Food Safety Management Plan: What is it?

Food Safety Management Plan: What is it?

A food safety management plan is a strategy to ensure that food hygiene and safety rules and regulations are adhered to. It is not only a legal requirement, but it is also a valuable step in ensuring that your business takes the necessary precautions to ensure the safety of its customers.

 

So, what exactly is the goal of a food safety management plan?

A food safety management plan is critical for any business that handles food. It is a means of managing food safety in which all food produced meets the standards of quality and is deemed safe to consume. This includes everything from acquiring resources to exporting finished products. It implies that each element, within the food industry, requires its own set of procedures.

In addition, a food and safety management plan should follow the South African Good Agricultural Practices (SA GAP) principles, and each company must create procedures based on these guidelines. These regulations are required by law for all licensed FBO’s (Food Business Operators).

 

Benefits of Food Safety Regulations and Management Plans

Benefits of a food safety management plan include:

  • The reduced risk of food poisoning and other negative effects on consumers, as well as improved food safety and quality.
  • Ensures sustainable and safe agricultural practices.
  • A guarantee that your FBO is in compliance with the law.
  • A food safety plan reduces production costs associated with raw material waste and food recall in the long run.
  • A food management plan takes a proactive approach to reduce food hazards before they cause any negative effects.
  • Boosts consumer trust in the product.
  • Improves the reputation and brand image of your FBO.

 

Food Safety Consulting Services

South Africa's official perishable produce export certification agency, PPECB, will help food business operators be sure that they adhere to all the standards necessary, regarding food safety and hygiene. The agency performs statutory food safety audits on a national level. These audits concentrate on employee hygiene, the use of biopesticides and farming practices.

Following a successful food safety audit, the business is issued a food safety compliance certificate known as the SA GAP, mentioned above. Businesses with the following commercial food safety certificates are currently exempt from SA GAP certification: Global G.A.P., Tesco, Natures Choice, HACCP, BRC, IFS, and ISO 22000:2005. However, oversight is maintained by conducting random audits at facilities with such certifications.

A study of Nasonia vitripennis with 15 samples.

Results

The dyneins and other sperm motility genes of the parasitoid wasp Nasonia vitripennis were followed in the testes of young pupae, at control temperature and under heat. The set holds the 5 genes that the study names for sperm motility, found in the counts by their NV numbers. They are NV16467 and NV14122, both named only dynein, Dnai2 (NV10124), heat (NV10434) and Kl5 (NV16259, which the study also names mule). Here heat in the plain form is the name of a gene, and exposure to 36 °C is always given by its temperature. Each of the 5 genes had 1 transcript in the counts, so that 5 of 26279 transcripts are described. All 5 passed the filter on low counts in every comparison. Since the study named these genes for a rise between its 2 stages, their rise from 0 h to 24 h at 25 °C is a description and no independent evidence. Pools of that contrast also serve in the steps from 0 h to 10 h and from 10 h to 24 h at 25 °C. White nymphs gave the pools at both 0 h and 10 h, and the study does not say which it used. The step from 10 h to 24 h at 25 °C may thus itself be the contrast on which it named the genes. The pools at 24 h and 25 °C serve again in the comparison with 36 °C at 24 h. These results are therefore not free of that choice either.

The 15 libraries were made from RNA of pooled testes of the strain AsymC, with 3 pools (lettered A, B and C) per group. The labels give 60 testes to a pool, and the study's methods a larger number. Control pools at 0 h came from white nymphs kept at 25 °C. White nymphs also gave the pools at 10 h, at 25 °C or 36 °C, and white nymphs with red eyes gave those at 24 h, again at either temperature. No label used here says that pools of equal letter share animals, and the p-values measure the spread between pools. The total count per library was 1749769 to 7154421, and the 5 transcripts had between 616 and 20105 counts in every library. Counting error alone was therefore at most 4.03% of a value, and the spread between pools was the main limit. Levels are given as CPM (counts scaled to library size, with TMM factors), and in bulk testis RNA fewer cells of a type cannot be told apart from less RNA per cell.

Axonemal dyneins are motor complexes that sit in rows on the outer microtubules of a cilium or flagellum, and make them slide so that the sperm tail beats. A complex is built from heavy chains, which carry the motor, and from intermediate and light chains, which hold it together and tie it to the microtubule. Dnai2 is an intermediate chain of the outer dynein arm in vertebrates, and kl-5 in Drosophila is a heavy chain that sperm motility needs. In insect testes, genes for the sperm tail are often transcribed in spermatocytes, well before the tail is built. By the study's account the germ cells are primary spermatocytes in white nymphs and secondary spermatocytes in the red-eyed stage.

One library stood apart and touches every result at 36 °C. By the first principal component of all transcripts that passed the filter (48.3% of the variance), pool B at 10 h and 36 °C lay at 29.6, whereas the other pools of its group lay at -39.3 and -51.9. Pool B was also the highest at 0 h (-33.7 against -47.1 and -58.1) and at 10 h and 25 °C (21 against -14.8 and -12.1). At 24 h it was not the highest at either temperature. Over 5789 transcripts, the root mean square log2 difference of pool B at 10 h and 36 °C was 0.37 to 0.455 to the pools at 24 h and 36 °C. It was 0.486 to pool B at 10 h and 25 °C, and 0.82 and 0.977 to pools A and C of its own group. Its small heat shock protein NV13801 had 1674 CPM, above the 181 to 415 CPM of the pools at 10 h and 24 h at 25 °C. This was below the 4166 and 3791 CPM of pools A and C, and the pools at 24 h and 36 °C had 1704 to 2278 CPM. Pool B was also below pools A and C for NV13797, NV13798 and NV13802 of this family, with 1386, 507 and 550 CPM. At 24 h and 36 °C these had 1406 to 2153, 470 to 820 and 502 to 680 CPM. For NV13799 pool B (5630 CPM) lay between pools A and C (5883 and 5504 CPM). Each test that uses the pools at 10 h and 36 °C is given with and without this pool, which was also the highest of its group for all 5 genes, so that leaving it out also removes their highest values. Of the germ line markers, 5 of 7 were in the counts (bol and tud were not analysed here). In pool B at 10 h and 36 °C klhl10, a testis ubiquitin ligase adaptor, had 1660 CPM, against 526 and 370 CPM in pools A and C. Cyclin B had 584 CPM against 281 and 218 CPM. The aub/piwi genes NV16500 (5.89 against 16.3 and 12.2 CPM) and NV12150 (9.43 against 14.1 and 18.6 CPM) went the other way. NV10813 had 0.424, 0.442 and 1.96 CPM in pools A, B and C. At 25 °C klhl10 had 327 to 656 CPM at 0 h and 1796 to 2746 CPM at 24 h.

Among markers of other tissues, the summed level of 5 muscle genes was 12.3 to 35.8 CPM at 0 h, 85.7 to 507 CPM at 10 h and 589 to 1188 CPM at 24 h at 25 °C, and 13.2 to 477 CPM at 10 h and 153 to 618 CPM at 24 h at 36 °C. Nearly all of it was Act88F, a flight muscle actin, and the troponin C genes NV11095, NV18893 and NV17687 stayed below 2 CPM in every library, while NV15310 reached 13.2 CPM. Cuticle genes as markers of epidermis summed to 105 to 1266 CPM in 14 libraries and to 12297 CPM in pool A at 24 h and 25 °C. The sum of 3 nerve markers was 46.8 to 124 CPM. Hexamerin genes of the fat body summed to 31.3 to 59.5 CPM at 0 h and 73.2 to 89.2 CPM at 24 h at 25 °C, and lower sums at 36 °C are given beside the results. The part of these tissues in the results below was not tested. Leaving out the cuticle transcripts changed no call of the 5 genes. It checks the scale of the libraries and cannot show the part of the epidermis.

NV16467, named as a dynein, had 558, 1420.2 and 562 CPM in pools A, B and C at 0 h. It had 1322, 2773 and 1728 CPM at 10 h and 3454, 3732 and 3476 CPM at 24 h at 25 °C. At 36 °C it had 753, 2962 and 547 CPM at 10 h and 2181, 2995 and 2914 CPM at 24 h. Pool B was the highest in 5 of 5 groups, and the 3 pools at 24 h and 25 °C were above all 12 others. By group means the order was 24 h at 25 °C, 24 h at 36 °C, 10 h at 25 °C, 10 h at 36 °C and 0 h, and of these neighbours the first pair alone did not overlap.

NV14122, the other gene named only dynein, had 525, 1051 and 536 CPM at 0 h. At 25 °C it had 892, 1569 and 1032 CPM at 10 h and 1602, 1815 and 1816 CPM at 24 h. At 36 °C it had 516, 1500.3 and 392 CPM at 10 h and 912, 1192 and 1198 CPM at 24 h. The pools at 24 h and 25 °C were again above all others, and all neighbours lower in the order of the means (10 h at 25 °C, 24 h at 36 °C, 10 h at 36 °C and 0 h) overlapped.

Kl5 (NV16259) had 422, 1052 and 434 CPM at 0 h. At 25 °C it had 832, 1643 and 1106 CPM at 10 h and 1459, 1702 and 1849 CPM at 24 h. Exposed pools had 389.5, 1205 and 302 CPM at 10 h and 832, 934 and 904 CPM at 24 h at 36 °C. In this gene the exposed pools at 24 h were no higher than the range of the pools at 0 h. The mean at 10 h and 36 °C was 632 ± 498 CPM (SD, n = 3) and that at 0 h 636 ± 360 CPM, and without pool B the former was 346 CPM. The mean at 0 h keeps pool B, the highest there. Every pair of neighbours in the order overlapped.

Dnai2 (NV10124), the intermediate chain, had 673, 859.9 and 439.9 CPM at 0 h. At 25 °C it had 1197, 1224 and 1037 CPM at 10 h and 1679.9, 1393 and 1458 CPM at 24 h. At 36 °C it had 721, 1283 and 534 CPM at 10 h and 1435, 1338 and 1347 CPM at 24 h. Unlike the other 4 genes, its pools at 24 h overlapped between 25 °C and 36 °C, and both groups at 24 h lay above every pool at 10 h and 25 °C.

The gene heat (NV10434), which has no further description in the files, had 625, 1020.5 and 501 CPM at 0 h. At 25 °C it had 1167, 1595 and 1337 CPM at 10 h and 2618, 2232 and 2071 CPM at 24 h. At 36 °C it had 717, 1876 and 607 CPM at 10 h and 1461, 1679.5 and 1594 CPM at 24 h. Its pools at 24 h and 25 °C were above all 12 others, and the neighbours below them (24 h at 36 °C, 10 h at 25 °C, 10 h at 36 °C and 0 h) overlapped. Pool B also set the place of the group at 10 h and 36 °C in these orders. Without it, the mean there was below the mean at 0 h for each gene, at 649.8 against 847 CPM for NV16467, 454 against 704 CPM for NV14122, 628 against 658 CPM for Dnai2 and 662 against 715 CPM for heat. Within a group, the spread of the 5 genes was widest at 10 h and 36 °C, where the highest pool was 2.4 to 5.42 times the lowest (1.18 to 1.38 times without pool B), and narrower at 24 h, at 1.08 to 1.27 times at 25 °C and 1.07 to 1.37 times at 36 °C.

Food Safety Services: The Sections They Inspect

There are three main sections within the FBO sector where food and safety regulations need to be adhered to, which a food safety service will inspect. These sections include:

Importers

The PPECB assures countries that import South African goods that the products are up to standard and meet all minimum safety regulations. Through a thorough inspection service, they ensure that quality is kept up through proper cold chain management until the products arrive at their destination.

 

Inspecting of Logistical Service Provider

The PPECB helps to ensure that all phases of agriculture product handling are conducted in accordance with food hygiene and safety practices.

The PPECB is required by law to legitimise the transportation of export-ready products. The PPECB's services provide authorised confirmation that the method of transportation used to transfer consumable products is technically proficient and that all equipment is fully operational. Furthermore, PPECB evaluates and inspects the hygiene of the method of transportation to ensure it meets food safety requirements.

 

Producers & Storing Facilities

The goal of the PPECB is not only to ensure that hygienic factors of FBOs produce and transportation are up to standards but also all storing, pack houses, and agricultural practices they use. All produce and storing facilities are required by law to register with the PPECB. In order for them to register, they must first obtain an FBO code from the Department of Agriculture, Forestry and Fisheries. As soon as an FBO is registered with both PPECB and The Department of Agriculture, PPECB will perform several food safety audits including product inspection and food safety testing.

 

Visit the AGRIFOODSA directory to find out more about PPECB and how you can register your FBO to ensure you provide the safest and most sustainable service you can.